Have you ever looked around your place and thought “what a mess”? Not the random pizza boxes and last week’s laundry laying on the floor. We are talking about the closet and garage chock-full of untouched stuff. It makes sense… after all, we are told by society that we must have the next best thing. Whether this stems from millennials regularly ordering stuff from Amazon or the occasional hoarder who can’t seem to throw things away, people come with baggage. That is well and good until you have to move. Moving is one of those rare opportunities where you get to make a decision on what you want to keep versus what you need to keep. Let’s consider the process and implications of moving from a college room or a home.
In college, there are traditionally two lifestyles; living on-campus or renting an apartment off-campus. Generally speaking, college students living on-campus tend to live in dorm rooms and have less space to grow their stuff. This leads them to have fewer large objects, i.e., couches, coffee tables, dressers. While there is nothing wrong with living in confined spaces, it usually does not require a rental dumpster to complete the move. With that being said, there are still some universities that provide year round communal dumpster rental services for the dorms to share. For example, at my college, every on-campus apartment complex had at least one, if not two, dumpsters where the apartment residents could throw away their unwanted items. These were very helpful in keeping the apartment clean when a refrigerator stopped working or a mattress was upgraded. However, more often they were used at the end of the year during move out day. The last month of school is always an interesting period of time. All of the classes are ramping up with last minute tests and presentations, and everyone is trying to figure out how to handle their extra stuff accumulated over the school year. In my experience, it is a tradition for upperclassmen to try and reduce the volume of things that they are taking home with them and instead resell most of their items. This usually is how college students can get some spare cash for that next calculus textbook or that couch to complete next year’s apartment. The items that have had hard use, often do not make it into the barter system and land in the dumpster instead of the dorm.
Off-campus college life can be an entirely different ball game. There is some financial independence, usually a kitchen facility, and tons of space to be filled. Young adults also feel free from the strict dorm rules. These places tend to be more susceptible to incurring furniture damage. Unlike the on-campus living which might have dumpsters provided by the college, off-campus students are responsible for maintenance and upkeep of their properties. This can be a challenge at times and leads to landlords becoming disappointed in their tenants. There was a recent Wisconsin article that addressed this issue, claiming that students are doing a worse and worse job of cleaning up after themselves. They have no problem with students having fun or buying furniture for the rooms, however they draw the line when their tenants leave behind mountains of trash. For them, it shows no respect for the property that the student was fortunate to live in. Since living off-campus does not have a dumpster readily available for them, tenants will have to take ownership of the situation and order one themselves. This is where we can help you guys out. Our one of a kind online dumpster market ensures that you can order the rental dumpster that you can afford in minutes. Simply type your address into dumpstermarket.com and all of the available dumpster options and pricing will appear on your screen.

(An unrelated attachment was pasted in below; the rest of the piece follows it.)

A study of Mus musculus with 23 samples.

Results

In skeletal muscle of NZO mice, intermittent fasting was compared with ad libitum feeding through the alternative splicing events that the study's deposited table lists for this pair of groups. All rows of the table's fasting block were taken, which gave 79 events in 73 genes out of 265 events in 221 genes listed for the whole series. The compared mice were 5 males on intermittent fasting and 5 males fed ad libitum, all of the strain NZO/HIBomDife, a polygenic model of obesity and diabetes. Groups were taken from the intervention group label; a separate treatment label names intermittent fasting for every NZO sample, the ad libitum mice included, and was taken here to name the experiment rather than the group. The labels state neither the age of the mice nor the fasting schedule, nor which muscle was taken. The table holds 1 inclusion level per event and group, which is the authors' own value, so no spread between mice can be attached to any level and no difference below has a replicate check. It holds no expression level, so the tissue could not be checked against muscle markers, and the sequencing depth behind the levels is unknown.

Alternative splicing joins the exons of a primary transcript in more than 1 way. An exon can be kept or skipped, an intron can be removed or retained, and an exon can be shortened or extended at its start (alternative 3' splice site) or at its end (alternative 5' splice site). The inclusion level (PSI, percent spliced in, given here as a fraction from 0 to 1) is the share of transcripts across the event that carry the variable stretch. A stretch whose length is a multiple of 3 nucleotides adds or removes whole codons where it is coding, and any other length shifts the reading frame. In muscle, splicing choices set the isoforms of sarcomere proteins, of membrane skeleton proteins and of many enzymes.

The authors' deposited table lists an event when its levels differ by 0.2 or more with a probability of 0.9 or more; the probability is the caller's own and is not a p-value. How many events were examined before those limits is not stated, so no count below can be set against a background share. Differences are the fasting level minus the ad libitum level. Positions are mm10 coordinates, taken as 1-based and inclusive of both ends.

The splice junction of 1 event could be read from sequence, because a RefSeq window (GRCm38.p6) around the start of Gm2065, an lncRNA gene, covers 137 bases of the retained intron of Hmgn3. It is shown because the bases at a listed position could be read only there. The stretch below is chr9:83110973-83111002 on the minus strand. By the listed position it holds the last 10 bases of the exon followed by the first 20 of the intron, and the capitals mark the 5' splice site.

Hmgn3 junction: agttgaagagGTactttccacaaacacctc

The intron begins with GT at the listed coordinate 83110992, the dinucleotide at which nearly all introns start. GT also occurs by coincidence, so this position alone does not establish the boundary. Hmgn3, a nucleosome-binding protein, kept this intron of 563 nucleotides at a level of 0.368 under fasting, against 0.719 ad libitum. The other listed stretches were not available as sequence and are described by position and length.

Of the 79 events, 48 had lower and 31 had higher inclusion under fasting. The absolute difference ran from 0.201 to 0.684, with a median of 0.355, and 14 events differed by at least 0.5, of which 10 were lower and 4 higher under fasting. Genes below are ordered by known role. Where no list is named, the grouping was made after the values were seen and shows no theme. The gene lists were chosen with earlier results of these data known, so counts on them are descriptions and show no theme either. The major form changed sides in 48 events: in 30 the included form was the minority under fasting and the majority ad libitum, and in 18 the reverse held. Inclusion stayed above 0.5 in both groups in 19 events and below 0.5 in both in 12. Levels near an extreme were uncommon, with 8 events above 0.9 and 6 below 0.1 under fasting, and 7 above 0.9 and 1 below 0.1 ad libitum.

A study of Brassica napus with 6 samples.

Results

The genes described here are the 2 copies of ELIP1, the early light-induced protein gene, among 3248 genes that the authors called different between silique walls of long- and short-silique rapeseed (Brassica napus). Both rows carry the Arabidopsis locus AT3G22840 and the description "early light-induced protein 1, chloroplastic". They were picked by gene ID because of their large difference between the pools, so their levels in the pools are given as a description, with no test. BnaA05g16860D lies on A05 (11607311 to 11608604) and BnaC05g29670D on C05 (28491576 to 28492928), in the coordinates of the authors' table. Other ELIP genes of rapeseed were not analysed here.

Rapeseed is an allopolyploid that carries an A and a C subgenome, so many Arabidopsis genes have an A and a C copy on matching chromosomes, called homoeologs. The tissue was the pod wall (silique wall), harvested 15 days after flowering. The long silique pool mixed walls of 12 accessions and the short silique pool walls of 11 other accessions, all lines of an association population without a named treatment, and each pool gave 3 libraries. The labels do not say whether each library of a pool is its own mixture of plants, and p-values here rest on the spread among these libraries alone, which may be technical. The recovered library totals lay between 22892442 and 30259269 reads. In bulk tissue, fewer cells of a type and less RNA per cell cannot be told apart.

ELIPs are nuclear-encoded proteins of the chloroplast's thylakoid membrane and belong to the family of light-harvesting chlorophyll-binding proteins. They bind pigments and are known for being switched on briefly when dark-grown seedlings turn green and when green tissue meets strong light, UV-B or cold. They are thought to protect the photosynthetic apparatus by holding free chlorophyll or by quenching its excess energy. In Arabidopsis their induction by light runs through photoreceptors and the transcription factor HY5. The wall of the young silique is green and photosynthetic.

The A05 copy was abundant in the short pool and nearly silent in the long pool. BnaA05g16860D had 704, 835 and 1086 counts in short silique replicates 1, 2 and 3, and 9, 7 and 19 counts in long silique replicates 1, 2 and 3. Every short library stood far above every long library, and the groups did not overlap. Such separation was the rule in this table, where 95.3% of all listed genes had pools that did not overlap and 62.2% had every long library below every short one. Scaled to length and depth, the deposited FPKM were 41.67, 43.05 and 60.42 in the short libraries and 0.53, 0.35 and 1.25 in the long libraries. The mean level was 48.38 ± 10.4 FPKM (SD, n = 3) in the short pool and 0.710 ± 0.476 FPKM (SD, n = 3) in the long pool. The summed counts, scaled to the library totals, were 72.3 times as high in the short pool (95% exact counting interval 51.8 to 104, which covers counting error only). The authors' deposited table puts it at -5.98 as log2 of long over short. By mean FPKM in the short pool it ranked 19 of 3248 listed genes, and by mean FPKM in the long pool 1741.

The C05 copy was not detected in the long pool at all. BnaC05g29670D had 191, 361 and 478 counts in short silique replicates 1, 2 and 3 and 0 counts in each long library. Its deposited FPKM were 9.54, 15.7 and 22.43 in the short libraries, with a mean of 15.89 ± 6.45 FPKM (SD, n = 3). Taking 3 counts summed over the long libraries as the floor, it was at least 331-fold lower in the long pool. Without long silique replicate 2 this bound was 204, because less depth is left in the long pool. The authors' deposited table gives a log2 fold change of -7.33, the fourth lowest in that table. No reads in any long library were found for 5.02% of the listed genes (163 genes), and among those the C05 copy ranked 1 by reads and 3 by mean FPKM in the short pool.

College is not the only place where people move in and out of spaces. While college moving is stressful due to the lack of preparation and the general leave it behind attitude, it is nothing compared to the difficulties that come with consolidating a life’s worth of materials. Moving from one house to another always provides its own challenges. There is a variety of reasons why a person might want to leave their current place of residence; a new job, new roommate, desire to have a change in scenery, or need to downsize. Regardless of what the reason might be, at the end of the day, it all comes down to two simple questions: how much stuff can my new place hold? And what do I need to take with me? The questions are simple, and the process of sorting belongings can be broken into steps. Make piles of keep, give away, and dispose. Next, box and bag the items to be saved and moved to the new home. Then load up your car and arrange transport to a Goodwill, Salvation Army or Veteran’s donation site. The last pile contains the items for the landfill. This is where rental dumpsters come into play. Through renting a roll-off dumpster at the first home, you will be able to save yourself time and money of packing everything up and loading it into extra U-haul trucks only to have to throw it all away at the new home. Our online dumpster marketplace can help you calculate the size of container that you need, when you need it, and for the price you are able to pay. At the end of the day regardless of if you are switching home locations or moving into a different college apartment, make sure that you know that dumpster companies are here to help you out when the time comes.